Venetian masks have a long history of protecting their wearer's identity during promiscuous or decadent activities. Made for centuries in Venice, these distinctive masks were formed from papier-mâché and wildly decorated with fur, fabric, gems or ribbons. Eventually, Venetian masks emerged as the emblem of Carnevale, a pageant and street fair that celebrates hedonism. The wearing of Venetian masks has also spread to masquerade balls, Halloween, Mardi Gras and other events.
These masks emerged during a climate of cultural and religious repression during the Medieval era in Italy. People donned the colorful masks to free themselves from judging neighbors, most of whom knew each other well in such a small city. The gentry class and peasants alike sought anonymity for promiscuity, gambling and other indiscretions. Even members of the clergy were alleged to have dressed up to go dancing.
After the 1100s, the masquerade went through periods of being outlawed by the Catholic church, especially during holy days. The church's policy led to eventual acceptance when it declared the months between Christmas and Shrove Tuesday free for Venetian mask-attired decadence. This period evolved into Carnevale, the pre-Lent celebration meaning, "remove meat." Although Carnevale lost popularity as Venice's cultural production faltered during the Enlightenment, it was officially reintroduced in 1979.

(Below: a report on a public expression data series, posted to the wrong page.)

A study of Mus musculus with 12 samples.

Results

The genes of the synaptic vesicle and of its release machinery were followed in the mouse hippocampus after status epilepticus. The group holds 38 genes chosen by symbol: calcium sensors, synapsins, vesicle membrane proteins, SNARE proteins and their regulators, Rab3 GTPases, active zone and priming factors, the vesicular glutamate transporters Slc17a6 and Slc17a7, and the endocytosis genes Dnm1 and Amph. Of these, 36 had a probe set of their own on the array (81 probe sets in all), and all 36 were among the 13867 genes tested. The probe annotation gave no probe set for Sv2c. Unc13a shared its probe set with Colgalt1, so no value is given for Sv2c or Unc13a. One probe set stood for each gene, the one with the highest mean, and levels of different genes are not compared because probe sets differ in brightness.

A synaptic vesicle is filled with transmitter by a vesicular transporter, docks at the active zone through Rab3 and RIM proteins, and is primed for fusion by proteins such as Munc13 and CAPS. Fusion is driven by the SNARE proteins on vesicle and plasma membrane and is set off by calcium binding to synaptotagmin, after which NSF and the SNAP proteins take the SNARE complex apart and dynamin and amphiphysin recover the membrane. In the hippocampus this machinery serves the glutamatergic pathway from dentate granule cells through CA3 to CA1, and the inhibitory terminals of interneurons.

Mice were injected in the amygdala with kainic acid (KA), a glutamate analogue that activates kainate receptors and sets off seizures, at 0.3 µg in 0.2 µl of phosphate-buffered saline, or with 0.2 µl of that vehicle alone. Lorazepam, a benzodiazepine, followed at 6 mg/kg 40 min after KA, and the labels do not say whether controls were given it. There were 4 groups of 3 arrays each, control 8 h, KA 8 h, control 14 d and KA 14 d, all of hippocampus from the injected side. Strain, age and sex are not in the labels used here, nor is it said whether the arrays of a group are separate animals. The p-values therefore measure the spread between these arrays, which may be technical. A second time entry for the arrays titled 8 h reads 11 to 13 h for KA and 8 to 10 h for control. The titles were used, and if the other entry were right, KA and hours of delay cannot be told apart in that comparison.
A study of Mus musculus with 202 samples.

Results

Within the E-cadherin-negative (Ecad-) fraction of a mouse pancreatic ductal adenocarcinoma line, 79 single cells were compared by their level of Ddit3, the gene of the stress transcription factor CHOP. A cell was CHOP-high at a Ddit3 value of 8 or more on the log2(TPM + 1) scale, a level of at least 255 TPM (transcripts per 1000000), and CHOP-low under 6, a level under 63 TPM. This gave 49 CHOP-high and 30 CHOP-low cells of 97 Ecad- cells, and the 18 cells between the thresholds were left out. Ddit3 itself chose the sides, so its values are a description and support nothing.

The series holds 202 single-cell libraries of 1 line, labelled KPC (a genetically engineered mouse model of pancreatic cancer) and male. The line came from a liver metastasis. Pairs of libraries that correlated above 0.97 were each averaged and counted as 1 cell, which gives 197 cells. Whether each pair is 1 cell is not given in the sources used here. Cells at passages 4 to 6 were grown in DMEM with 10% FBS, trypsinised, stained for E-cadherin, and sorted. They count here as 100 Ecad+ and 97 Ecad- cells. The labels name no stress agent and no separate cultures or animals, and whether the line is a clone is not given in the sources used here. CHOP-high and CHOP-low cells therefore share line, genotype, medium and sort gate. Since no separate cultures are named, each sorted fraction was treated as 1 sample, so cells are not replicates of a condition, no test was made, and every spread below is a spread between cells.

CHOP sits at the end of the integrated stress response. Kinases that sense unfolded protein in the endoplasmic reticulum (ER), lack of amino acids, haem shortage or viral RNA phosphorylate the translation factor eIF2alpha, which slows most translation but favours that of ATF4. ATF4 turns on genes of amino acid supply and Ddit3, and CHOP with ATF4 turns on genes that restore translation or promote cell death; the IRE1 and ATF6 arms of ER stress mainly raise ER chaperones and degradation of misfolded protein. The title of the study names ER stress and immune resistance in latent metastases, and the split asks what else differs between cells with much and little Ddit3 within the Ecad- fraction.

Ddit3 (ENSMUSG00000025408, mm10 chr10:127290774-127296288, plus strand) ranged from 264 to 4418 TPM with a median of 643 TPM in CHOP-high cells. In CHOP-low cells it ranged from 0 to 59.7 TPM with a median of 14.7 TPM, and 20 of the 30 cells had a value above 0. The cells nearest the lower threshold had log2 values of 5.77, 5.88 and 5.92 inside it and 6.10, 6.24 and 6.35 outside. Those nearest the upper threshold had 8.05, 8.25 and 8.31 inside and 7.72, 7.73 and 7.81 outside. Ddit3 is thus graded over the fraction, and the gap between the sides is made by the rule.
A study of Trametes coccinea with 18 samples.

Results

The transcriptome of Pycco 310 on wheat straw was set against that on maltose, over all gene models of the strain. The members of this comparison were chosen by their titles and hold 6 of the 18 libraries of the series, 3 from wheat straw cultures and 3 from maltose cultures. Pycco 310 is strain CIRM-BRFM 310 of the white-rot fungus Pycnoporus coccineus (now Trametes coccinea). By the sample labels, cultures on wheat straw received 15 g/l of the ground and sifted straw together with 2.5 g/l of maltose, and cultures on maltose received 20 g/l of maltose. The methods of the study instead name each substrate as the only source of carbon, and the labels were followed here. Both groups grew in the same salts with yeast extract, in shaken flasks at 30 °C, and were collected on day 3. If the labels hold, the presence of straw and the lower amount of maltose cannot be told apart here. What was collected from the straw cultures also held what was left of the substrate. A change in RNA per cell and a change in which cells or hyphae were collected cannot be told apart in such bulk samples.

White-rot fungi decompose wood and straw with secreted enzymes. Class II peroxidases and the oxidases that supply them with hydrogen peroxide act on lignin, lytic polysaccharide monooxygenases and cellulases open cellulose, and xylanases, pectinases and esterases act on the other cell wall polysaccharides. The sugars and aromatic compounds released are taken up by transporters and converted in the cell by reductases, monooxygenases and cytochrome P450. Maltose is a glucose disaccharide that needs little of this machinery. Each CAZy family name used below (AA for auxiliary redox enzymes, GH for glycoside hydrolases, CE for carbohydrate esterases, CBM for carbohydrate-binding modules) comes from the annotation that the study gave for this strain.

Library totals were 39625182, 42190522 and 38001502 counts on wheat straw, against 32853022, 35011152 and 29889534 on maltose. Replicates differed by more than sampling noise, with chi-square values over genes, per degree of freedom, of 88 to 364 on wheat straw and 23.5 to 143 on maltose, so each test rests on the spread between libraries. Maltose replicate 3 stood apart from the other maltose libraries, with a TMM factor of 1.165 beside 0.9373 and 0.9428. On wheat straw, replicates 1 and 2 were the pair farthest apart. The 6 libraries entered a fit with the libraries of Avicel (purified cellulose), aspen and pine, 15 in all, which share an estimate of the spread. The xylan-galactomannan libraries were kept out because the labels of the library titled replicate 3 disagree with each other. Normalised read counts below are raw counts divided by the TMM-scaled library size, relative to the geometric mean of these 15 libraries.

Making and Decorating
The modern celebration of Carnevale has reinvigorated the art and craft of making Venetian masks. The traditional method involves sculpting a form out of clay as a base for the mask. Most masks are made from papier-mâché, a sticky paste made from paper strips and glue. This plaster material is layered over the base, then is allowed to dry before being removed to form the basic mask.
The craftsperson then paints designs in gold, silver and bright colors such as royal purple or sunny yellow. Common decorations include sequins, silk ribbons, exotic bird feathers and faux fur. Rhinestones, gold charms, glitter and outlandish trinkets also are often added to Venetian masks.
Recognizable types of Venetian masks have continued to dazzle observers during Carnevale and other times of the year. The Bauta mask covers the whole face, with a stubborn chin line, no mouth and lots of gilding. A half-mask with gold and silver stripes and jeweled eyes is called a Columbino, and it is held up to the face with an attached stick. Other popular shapes include large, hooked noses, black-and-white checkered diamonds called a Harlequin pattern and bright red, pursed lips.